Hoylake: Rory McIlroy waited patiently for the right moment to press the turbo-charge button in the third round of the British Open on Saturday and when he did, he sped away from the field like a finely-tuned Ferrari.

The Northern Irishman’s four-stroke overnight lead had been completely wiped out when he failed to sink a par-saving effort from five feet at the 12th hole.

But rather than feel sorry for himself, he calmly rolled in putts of 33 feet for a birdie at the 14th and 21 feet for an eagle two holes later before another eagle attempt from 11 feet at the last also nestled safely in the cup.

“I knew Rickie Fowler was playing well in front,” McIlroy told reporters after a four-under-par 68 gave him a 16-under aggregate of 200, two strokes off the record 54-hole total at a British Open.

“I bogeyed the 12th and he tied with me there. But I never panicked and I didn’t feel uncomfortable. I knew I had some holes coming up that I could take advantage of,” he added, after ending the day six clear of the second-placed American.

“I feel like today my patience was rewarded. I just waited for my chance and I was able to convert. It was nice to be able to come up with the goods when I needed them over the last few holes,” he said after day’s play on Saturday.

McIlroy achieved his two major victories, at the 2011 US Open and 2012 U.S. PGA Championship, by runaway eight-shot margins and said he knew how to get a front-running job done.

“I’m comfortable in this position,” explained the 25-year-old. “This is the third night in a row I’ll sleep on the lead. It helps that I’ve been in this position before and I’ve been able to get the job done. I’m comfortable with my golf game, comfortable with how I’m hitting it.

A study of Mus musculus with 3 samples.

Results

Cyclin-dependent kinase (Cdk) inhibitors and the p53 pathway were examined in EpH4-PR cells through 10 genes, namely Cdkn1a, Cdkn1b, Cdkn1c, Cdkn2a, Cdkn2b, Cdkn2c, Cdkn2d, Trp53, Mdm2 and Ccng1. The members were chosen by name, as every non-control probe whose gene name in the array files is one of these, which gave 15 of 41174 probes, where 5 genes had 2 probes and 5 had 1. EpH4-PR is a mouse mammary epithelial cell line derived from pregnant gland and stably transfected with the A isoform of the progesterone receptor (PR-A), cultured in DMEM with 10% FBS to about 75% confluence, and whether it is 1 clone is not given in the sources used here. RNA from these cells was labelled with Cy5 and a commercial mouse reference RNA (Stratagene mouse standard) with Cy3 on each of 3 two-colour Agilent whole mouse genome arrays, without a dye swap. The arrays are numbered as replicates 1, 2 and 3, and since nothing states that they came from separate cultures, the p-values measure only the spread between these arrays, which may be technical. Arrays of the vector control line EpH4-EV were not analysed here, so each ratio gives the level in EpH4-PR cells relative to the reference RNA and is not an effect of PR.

“I feel like that’s been a big help this week and I just need to go out there tomorrow and play one more solid round. Hopefully that’s enough.”

The organisers received some criticism for bringing forward the start of play on Saturday in order to dodge the heavy rain and thunderstorms that were forecast. Thankfully the bad weather relented until 10 minutes after play had been completed, at which point the heavens opened.

Asked if the move by the Royal & Ancient was vindicated, the twice major winner looked up, smiled and pointed to the rain hammering down on the roof. “I think it’s the second best decision the Royal & Ancient made this year,” laughed McIlroy.

“The first was bringing the Open back to Royal Portrush,” he added of the plan to return golf’s oldest major to Northern Ireland at an unspecified date in the future. “They got it right. I definitely wouldn’t want to be stuck out in that rain.”

McIlroy overturned a seven-stroke deficit to win the BMW PGA Championship at Wentworth in May, so he will not be taking anything for granted in the final round.

“I won from seven back, so I know how leads can go very quickly,” he said. “A lot can happen. I’ve been on the right side of it and I’ve been on the wrong side of it. That’s why you can’t let yourself think about winning.

“You’ve just got to stay completely in the moment and that’s what I’m going to do for all 18 holes tomorrow,” added McIlroy.